The Wall Brown is a medium-sized butterfly which is on the wing in two or three broods, between the middle of April and the end of October. It is a widespread, but declining, butterfly of hot, sunny places such as open grassland, sand dunes and rocky foreshores, disused quarries and railway cuttings, and even gardens. Caterpillars feed on a variety of grasses including False Broom and Tor-grass.
How to identify
The Wall Brown is mainly pale orange with greyish-brown markings and black eyespots. The best way to identify the 'brown' butterflies is by looking at the eyespots on their wings. The combination of orange and brown markings, together with one large eyespot on the forewing and four smaller eyespots on the hindwing, is unique to the Wall Brown.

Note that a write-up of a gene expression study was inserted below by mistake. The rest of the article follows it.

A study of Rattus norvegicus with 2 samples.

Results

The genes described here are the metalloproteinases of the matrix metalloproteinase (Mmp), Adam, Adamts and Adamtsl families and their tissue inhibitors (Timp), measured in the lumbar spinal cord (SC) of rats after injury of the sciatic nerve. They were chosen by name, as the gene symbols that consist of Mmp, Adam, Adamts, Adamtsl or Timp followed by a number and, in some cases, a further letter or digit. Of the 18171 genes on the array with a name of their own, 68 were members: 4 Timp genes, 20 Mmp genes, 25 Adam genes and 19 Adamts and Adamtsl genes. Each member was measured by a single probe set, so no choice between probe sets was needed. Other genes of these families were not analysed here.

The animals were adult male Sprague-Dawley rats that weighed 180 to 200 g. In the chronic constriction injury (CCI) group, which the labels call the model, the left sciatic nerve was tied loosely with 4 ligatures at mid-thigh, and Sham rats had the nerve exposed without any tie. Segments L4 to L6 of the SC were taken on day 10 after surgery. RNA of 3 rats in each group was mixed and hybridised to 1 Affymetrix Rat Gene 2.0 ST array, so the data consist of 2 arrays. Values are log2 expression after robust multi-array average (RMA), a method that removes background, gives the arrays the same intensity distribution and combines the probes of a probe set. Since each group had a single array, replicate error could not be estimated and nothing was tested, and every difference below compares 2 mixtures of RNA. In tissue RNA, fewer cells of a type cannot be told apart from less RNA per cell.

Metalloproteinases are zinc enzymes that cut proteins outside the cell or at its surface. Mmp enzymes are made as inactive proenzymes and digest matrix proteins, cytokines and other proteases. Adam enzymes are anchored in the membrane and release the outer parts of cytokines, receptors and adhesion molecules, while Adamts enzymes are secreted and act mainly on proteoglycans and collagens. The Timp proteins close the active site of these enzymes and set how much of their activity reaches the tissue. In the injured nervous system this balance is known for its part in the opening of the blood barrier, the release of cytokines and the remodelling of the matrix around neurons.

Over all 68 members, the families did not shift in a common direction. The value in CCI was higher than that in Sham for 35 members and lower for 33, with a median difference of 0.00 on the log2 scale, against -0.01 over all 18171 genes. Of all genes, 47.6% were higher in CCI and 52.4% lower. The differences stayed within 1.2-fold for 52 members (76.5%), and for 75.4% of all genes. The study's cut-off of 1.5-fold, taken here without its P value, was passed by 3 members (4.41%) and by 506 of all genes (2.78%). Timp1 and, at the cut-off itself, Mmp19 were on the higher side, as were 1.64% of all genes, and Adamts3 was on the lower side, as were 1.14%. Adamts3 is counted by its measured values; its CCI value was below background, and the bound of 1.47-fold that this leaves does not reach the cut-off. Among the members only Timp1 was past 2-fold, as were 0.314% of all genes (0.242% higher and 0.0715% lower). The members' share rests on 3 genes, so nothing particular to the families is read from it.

Where to find it
A scarce butterfly of hot, sunny places in England, Wales, Northern Ireland and southern Scotland, particularly around the coast.
When to find it
How can people help
The Wall Brown has been in serious decline across the inland parts of its range during recent years and is now a rare butterfly away from the coast. It relies on sensitive grassland, moor and dune habitats that are disappearing from our countryside. However, The Wildlife Trusts are working closely with farmers, landowners and developers to promote wildlife-friendly practices. We have a vision of a 'Living Landscape': a network of habitats and wildlife corridors across town and country, which are good for both wildlife and people. You can support this greener vision for the future by joining your local Wildlife Trust.